Report: Higher Education Tenants Flocking to Lower Manhattan
Lauren Elkies Schram Jan. 28, 2014, 3:21 p.m.
Leasing to post-secondary education tenants has increased by more than 80 percent since 2004 in Lower Manhattan, according to a January Lower Manhattan research report by the Alliance for Downtown New York. That is accompanied by a near doubling in student enrollment to about 50,000, all below Chambers Street.
Downtown Alliance Acting President William Bernstein attributes the 82 percent leasing increase downtown to the presence of the Borough of Manhattan Community College and Pace University as well as low rents and a healthy transit system.
As Commercial Observer reported last March, Lower Manhattan has been undergoing a transformation, particularly because of the influx of Pace students as well as other residents.
Seven higher education tenants in Lower Manhattan are in Class A office buildings, six are in Class B and one is in Class C. Pace and BMCC lease and own multiple buildings ranging in office class.
Class A asking rents in lower Manhattan averaged $53.18 per square foot in the fourth quarter of 2013, according to data from Cushman & Wakefield, 28 percent less than in Midtown and 27 percent less than in Midtown South. Class B asking rents averaged $36.57 per square foot in the area, down 28 percent from Midtown and 42 percent from Midtown South. Class C asking rents were an average of $35.02, 9 percent below Midtown and 30 percent below Midtown South.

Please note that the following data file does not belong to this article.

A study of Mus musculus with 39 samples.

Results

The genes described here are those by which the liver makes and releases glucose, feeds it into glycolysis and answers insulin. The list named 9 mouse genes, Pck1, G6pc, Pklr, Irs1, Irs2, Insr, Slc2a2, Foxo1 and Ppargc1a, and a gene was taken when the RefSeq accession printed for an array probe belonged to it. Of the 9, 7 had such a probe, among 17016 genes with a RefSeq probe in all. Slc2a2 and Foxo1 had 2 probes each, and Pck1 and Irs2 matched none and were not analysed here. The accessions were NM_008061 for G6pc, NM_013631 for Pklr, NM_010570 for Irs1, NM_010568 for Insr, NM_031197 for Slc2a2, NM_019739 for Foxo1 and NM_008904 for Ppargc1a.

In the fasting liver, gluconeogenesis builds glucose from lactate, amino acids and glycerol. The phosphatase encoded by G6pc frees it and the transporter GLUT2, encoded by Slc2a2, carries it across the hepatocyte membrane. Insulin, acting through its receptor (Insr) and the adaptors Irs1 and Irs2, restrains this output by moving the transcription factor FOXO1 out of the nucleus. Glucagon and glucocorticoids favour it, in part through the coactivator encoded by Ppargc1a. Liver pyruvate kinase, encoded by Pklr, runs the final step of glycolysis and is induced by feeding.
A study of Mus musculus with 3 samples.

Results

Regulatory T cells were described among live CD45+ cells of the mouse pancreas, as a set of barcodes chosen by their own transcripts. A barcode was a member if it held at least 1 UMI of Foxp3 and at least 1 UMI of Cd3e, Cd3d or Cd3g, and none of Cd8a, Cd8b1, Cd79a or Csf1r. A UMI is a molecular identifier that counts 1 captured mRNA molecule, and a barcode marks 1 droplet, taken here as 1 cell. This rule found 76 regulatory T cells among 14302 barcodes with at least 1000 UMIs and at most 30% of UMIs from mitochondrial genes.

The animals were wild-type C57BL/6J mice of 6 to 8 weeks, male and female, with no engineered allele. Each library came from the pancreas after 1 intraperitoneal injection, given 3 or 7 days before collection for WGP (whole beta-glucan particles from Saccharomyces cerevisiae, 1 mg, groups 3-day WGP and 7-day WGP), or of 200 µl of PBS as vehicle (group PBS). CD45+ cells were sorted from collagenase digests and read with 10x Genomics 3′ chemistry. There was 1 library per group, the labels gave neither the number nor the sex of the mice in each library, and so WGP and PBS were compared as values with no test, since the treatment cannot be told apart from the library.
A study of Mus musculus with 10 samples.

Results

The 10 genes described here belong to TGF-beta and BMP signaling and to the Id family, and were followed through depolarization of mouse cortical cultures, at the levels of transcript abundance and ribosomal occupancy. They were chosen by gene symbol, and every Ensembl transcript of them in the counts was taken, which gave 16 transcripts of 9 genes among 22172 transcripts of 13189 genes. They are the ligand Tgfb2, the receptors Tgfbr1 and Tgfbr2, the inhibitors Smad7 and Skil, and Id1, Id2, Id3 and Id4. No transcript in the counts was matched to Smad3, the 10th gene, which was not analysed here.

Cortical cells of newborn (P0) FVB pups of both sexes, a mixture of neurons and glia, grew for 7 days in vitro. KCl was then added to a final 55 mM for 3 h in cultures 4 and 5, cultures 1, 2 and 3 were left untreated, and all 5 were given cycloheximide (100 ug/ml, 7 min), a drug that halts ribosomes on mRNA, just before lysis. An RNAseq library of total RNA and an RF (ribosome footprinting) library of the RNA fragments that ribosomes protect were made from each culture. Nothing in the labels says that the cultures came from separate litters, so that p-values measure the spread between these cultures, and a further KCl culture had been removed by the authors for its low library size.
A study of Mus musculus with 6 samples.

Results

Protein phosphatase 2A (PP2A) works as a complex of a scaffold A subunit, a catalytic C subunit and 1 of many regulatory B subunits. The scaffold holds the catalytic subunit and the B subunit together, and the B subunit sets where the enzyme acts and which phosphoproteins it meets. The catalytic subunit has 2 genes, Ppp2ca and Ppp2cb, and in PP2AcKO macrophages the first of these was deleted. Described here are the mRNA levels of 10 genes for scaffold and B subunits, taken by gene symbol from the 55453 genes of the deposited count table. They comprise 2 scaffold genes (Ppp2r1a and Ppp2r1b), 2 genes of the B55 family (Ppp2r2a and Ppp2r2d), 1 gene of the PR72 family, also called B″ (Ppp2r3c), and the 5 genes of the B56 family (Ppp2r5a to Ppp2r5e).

The growth in higher education is not limited to downtown, or even Manhattan, the report indicates, as the number of post-secondary institutions has increased citywide by 21 percent since 2002.
And the growth trend in Lower Manhattan should continue as the Institute of Culinary Education will be relocating to 71,000 square feet on Liberty Street from Midtown South and Pace is set to open a 385-bed dormitory on Beekman Street for the 2015-2016 academic year.